Mental Health Tips
What is Seasonal Depression or SAD?
SAD is a reaction to the change in the number and intensity of daylight hours. Think Florida versus Maine. When days are shorter and the sun is less prevalent, it affects mood. Some people are more prone to react unfavorably SAD.
How do you know if you have it?
The symptoms of SAD vary from person to person. However, some common themes are change in appetite (craving more sugary and starchy foods), change in sleeping patterns (wanting or needing to sleep more), and a shift in mood (feeling blue or down). You should check with your doctor to confirm any diagnosis because there are other physical symptom that can create similar responses, such as major depression.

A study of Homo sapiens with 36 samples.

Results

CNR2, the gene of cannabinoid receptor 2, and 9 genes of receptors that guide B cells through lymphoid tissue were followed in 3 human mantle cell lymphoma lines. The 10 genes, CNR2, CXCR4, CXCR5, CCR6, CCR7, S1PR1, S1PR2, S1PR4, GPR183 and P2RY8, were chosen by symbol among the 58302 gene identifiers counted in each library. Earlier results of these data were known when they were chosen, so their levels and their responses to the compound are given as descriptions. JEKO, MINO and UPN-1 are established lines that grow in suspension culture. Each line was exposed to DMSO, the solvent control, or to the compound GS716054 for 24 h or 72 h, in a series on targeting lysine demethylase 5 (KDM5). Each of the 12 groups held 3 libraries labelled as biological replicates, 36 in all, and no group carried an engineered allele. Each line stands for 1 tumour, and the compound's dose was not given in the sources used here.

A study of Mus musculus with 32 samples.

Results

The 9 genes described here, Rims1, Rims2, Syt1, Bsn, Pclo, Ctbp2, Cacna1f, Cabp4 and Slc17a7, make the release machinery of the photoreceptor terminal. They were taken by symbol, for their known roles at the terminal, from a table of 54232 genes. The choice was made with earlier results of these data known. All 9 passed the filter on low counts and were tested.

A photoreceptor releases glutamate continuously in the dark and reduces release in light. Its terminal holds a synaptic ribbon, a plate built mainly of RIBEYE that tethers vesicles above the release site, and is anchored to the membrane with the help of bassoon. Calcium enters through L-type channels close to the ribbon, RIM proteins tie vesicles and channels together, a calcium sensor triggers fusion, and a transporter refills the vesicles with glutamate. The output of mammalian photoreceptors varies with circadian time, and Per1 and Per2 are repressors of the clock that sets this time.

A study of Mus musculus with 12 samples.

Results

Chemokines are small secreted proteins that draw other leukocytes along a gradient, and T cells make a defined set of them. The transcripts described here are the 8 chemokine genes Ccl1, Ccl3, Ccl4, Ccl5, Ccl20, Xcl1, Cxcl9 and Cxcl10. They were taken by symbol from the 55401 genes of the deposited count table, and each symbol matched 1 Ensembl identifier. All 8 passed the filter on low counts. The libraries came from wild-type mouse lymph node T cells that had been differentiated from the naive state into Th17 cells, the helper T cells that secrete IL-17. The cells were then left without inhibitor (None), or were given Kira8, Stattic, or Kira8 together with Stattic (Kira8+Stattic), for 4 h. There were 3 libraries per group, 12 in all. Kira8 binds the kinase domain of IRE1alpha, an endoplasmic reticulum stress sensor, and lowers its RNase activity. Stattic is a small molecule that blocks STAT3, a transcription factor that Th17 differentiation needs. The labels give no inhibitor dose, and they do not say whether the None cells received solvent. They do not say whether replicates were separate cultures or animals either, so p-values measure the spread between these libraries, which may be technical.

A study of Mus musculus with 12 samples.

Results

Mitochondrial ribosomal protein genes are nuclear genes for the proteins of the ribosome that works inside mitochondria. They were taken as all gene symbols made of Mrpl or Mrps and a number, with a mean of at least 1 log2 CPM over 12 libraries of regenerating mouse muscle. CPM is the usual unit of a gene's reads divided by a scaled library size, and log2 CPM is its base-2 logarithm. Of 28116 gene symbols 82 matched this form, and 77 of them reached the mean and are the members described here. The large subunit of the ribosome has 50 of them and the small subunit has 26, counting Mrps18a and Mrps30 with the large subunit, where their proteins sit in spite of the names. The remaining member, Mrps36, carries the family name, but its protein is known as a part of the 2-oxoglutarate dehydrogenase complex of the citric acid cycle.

How do you cope?
You do some of the same things that folks with a diagnosis of depression do: go to bed and get up at the same time every day to reset your circadian rhythm, limit any naps to 20 minutes, no caffeine after 3 pm, eating whole foods, and, most importantly, getting physical activity early in the day when the sun is stronger. Some people find sitting in the sun with closed eyes facing the sun for 10 min twice a day can help.
What are some tips to improve or prevent seasonal depression?
Aside from a trip to the southern hemisphere where our winter is their summer, or flying like the snowbirds do to sunny places, many doctors recommend high-intensity lamps which have a minimum of 10,000 lus. There are smaller size lamps that don’t give an adequate amount of light so look for one with 10,000 lux. Research is uneven about using high-intensity lamps, many doctors recommend their patients sit in front of them on a regular basis. It can vary from 10 minutes to 30 minutes, but depending on your situation, it is best to get a recommendation from your physician.